A day exploring Death Valley wasn't even close to what either of us had in mind. The canyons are rich with color. The mountains in the background are stunning. The heat wasn't really that bad. Our first stop of the day was a few scenic overlooks on our way to the visitor center.
The visitor center is small but has some good info. It's located in Furnace Creek which just so happens to be a legit town. The native american tribe has lived here for 1,000 years and they continue to survive. The sheer thought of that is nuts. It's Death Valley. Things die here. That's the predispostion we had driving towards the town, but what we didn't expect was a green oasis of trees.
Just off to the East side of town were the remains of an old Borax mine camp. For those of you not familiar with Borax I'll give you a quick turorial. It's used in a bunch of stuff; cosmetics, laundry soap, ph buffer solutions, household cleaners, fire retardant, forging steel and in some countries as a food additive (not here).
These guys back in the day did some crazy stuff. Lacking full face respirators they dumped mined borax into a boiling water tank. Then the water was cooled and the pure borax stuck to metal rods, kind of like a popsicle on a stick. Some unlucky bastard would then scrape the borax concentrate off the sticks and into burlap sacks for transport. All the while it's 120 degrees outside with no shade. No thank you. Time to move on to something a bit happier.
Bad water basin. Located 282 feet below sea level is the lowest point in the lower 48. The bottom of an old lake bed spreads out for miles.
After a quick jaunt it was back into Shirley and up the road to do some more hiking. A 1/2 mile climb up to the natural bridge showed us the power of the weather. Here water has hollowed out this hole and made some cool looking waterfall rocks in the canyon. Whoa... wait a minute. Water? Here? Yeah. Every spring this place receives a torrential flood from snow melt and goes through it's super-bloom. There are signs everywhere in the park that advise visitors to be on the lookout for flash flooding. Some back roads are shut down and one of the tourist spots is closed for the next two years. I know, that's nuts.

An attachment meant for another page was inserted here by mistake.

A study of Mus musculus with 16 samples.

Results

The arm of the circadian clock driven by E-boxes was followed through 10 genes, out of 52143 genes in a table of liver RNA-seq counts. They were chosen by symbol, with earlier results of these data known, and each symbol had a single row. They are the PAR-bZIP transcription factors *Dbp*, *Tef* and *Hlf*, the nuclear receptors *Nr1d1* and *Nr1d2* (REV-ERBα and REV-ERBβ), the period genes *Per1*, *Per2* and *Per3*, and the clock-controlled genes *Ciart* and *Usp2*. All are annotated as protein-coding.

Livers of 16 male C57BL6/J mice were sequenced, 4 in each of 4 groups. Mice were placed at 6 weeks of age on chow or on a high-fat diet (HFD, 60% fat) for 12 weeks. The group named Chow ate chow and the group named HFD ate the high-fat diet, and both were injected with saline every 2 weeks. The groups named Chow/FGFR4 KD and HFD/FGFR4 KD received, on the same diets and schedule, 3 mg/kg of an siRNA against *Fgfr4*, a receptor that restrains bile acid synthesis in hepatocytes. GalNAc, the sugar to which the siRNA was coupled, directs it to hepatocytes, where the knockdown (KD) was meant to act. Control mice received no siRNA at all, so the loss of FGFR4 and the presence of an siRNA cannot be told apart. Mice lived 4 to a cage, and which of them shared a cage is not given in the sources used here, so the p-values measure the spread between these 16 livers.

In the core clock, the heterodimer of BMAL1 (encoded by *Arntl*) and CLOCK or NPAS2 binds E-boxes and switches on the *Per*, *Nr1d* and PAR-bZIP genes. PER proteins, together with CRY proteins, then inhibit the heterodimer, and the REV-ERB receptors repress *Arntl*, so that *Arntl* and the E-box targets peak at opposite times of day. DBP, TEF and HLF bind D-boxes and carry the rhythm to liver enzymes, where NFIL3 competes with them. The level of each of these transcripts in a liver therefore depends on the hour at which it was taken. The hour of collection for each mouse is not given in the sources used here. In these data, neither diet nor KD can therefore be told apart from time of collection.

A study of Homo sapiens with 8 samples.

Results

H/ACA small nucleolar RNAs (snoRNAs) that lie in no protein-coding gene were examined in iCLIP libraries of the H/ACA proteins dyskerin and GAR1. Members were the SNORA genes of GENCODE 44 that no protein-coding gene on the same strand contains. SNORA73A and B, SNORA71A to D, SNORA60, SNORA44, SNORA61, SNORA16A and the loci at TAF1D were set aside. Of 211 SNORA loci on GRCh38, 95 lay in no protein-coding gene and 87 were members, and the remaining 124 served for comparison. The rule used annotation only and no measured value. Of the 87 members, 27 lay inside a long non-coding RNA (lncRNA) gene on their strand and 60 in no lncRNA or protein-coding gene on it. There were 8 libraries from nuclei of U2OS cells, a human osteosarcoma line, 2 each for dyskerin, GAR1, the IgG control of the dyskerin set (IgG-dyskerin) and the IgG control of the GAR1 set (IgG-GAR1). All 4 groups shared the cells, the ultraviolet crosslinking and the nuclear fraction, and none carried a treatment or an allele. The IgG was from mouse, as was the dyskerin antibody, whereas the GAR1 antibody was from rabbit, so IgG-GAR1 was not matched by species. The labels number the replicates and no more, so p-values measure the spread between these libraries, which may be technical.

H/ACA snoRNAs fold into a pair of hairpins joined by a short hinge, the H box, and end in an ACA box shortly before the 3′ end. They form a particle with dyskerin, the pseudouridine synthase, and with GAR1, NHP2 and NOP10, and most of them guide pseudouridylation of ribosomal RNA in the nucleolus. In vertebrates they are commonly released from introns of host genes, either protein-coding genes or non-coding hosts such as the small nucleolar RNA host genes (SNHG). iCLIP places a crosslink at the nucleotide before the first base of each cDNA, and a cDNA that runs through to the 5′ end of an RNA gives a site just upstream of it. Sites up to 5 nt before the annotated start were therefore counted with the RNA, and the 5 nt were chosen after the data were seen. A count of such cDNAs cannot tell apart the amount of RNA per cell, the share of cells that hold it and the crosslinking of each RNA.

The hike was hot and exhausting. We decide the rest of the afternoon would be spent driving and sightseeing. A quick turn onto the "Artists Palette" road showed us some more cool looking shit.
With the day of sightseeing behind us it was time to head back to base camp. I had promised Katie we would get out and meet our closest neighbor before our time at the pads was up. Boy am I glad we did.
This is Bill. Bill came out of his RV waving his arm so hard I though he was going to break it. He was thrilled to talk to us and immediately asked us where we were from, and where we were going. Less than a minute into the conversation he crouched down into the dirt and started to draw us a map of the area. Not knowing what to do, I crouched down next to him and let him talk. Katie and Eli look bewildered. They both finally sat down in the dirt. One big happy RV living dirt sitting family. Nice. We spent the next half hour with Bill crouched to the earth talking about what we could see and where we should go.
You see, Bill is from Seattle. He hated the rain so much that he tucked away $3,000 bucks in VA checks and bought that sweet ride behind him. That was a couple of years ago. Now he spends every winter down here in Death Valley waiting out the cold. Bill was a good guy. He pointed out to us where he collected all the trash from in the area and burned it in one huge black smoke fire. Then he took a sledgehammer and beat down all the rebar that was sticking out of the concrete so RV's could park without flat tires. The ones that he couldn't he had put pop cans on top of so they were visible. Think of him as the unofficial curator of the pads. Hope he's still there when we return years from now.